A well established principle of population ecology is that an increase in food availability generates an increase in population, as surely in a lynx population which finds an abundance of hares as in a human population that purposefully increases food production. This fact is used as the basis for numerous (if not most) discussions of the rise of civilization and is overtly acknowledged by reputable scientists even outside the field of ecology, including anthropologist Peter Farb and evolutionary biologist Niles Eldredge.
Try as we might, no human endeavor can succeed if it contradicts a scientific principle. In Sandra Postel’s “Growing More Food with Less Water,” though, you put at center stage the ideal of avoiding hunger in a growing population. Such a pursuit flies directly in the face of science. As Eldredge says, growing more food, the great technofix for the hunger faced by an ever-growing number of people, is the engine that itself drives population growth, “the very heart of the problem for which we need a real fix” (“Dominion,” 1995, p. 155).
In the previous issue of your publication, the editors recommended Vaclav Smil’s “Feeding the World: A Challenge for the Twenty-First Century,” in which the author sees “no insurmountable biophysical reasons why we could not feed humanity in decades to come while at the same time easing the burden that modern agriculture puts on the biosphere.” I agree with this statement, but such an achievement can only be made possible by abandoning growth. If we continue to pursue growth, Smil’s prediction that “humanity will not double in number again” can only come true if we reaches our maximum possible global carrying capacity prior to another doubling, at which point we would become the victims of a monumental ecological disaster.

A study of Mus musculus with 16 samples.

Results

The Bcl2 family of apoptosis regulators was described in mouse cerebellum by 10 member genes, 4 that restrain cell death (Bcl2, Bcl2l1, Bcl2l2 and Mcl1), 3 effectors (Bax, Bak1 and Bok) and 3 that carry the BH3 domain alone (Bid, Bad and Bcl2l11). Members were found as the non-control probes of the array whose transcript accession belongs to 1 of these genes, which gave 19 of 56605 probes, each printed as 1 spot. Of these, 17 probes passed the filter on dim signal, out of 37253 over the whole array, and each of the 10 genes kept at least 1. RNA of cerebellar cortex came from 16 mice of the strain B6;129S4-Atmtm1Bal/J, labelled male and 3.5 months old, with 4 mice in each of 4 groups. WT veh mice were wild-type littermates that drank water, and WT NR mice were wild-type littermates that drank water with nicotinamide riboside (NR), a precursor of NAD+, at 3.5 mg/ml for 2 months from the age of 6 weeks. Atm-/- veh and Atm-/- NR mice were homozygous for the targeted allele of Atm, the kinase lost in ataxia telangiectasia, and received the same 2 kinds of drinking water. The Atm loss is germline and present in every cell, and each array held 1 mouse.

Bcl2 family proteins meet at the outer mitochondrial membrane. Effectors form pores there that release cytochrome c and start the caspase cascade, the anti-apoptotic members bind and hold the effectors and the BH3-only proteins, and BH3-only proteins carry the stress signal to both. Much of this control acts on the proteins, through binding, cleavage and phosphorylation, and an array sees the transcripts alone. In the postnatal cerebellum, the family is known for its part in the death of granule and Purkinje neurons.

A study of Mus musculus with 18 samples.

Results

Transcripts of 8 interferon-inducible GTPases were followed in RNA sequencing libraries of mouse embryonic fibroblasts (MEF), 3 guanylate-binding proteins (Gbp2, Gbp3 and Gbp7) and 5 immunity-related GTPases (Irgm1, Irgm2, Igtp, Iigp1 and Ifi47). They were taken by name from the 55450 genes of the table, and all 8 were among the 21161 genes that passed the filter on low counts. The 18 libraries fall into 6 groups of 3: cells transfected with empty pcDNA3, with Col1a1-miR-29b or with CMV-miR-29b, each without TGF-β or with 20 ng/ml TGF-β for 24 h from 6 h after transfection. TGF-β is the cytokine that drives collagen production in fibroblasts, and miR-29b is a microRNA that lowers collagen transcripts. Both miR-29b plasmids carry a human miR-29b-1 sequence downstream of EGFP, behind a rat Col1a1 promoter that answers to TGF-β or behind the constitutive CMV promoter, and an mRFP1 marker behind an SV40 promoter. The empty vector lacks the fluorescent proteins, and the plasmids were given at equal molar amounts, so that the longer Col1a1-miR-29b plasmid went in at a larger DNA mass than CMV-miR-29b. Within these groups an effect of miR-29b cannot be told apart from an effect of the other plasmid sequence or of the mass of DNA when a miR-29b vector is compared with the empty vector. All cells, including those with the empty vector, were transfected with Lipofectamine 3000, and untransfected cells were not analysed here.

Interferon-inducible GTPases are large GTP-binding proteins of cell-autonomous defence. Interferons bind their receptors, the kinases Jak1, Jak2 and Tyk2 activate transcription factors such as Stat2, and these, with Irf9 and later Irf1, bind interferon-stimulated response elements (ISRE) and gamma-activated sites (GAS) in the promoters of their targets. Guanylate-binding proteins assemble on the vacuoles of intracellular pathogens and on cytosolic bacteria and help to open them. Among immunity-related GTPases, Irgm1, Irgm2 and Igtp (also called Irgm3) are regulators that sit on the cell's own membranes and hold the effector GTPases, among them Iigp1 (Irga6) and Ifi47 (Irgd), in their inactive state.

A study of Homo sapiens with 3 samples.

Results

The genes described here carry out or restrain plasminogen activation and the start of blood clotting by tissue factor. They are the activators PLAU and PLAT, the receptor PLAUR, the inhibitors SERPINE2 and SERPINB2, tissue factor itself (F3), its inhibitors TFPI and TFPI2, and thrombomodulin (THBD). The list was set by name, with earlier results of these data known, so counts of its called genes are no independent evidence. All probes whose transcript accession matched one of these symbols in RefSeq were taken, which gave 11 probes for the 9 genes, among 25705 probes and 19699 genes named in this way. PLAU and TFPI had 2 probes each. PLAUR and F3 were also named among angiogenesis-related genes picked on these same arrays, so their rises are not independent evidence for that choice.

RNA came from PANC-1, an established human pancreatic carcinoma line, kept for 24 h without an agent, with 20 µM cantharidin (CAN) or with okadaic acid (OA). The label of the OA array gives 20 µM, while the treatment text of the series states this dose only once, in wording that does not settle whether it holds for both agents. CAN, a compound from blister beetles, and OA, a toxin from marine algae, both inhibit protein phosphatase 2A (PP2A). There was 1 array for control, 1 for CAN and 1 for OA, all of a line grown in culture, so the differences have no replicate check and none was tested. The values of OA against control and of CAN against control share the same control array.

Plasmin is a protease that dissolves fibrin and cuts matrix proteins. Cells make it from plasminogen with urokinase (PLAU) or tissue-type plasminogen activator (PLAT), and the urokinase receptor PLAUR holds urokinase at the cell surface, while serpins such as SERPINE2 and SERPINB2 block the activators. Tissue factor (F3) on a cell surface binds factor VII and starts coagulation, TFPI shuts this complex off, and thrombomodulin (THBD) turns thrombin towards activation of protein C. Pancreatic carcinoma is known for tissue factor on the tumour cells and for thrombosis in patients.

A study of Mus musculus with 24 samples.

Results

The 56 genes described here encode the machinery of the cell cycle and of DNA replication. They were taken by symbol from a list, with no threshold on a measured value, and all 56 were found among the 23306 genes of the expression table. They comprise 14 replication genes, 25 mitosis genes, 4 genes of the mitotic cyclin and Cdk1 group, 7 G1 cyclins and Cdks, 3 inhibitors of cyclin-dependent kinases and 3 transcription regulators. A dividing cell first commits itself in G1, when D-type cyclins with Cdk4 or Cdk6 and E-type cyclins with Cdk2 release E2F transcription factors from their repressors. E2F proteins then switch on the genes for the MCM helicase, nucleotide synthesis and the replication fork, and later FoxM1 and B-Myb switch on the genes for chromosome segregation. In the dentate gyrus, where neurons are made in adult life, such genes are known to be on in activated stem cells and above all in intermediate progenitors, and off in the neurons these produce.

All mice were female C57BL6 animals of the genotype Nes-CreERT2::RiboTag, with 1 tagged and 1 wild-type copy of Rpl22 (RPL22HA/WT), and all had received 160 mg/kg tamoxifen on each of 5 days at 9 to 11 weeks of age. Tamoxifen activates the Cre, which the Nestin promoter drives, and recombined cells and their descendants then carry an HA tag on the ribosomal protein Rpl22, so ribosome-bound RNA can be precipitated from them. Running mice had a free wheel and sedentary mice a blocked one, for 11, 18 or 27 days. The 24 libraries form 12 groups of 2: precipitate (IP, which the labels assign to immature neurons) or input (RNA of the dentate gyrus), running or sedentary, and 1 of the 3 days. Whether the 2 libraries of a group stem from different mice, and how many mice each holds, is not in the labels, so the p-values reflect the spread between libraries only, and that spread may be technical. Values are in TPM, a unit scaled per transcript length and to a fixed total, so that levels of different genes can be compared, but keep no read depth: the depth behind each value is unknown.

There is, of course, a third possible path, which is that this maximum carrying capacity is a long way off, in which case we could, in fact, continue to double our population before eventually hitting that disaster (that people like Paul Ehrlich can be proved wrong because their timelines are misguided, as pointed out in Edward Sieber’s letter to you, does not disprove the general logic behind their claims). Thus, while I agree with both Smil’s claim and his optimism, the review does not make clear whether or not Smil has growth in mind, so it is possible that his optimism may be unfounded.
While technologies may be developed to mitigate our need for certain resources, and those technologies should certainly be encouraged, growth can only contribute to ever-greater stresses, both directly and indirectly, on clean water and all other resources. But growth is not our only option, and a denial of growth does not have to be the pessimistic attitude it is so typically thought to be. Indeed, it is only by abandoning growth that we can, as Smil hopes, ease our burden on the biosphere.
Science show us how things work, and so through science we can learn how to make our society work. This is a vastly preferable alternative to the continued pursuit of so-called solutions which may contradict science and/or simply strive at not failing rather than actually succeeding. In a society that understood population ecology, for example, large-scale population control measures would be no more desirable or necessary than increased food production would be in achieving a stable, healthy population. The easing of our burden on the biosphere would not require laws that prohibit people from doing things they want to do; instead, human activity would become consistent with the health of the non-human world.
It would be impossible to fully elaborate on this in a letter to the editor. What is certain, though, is that only when “Scientific American” acknowledges one of the fundamental principles of the life sciences — that food makes population — could it begin to make genuine contributions toward solving humanity’s greatest problems, from hunger to ecological degradation and beyond.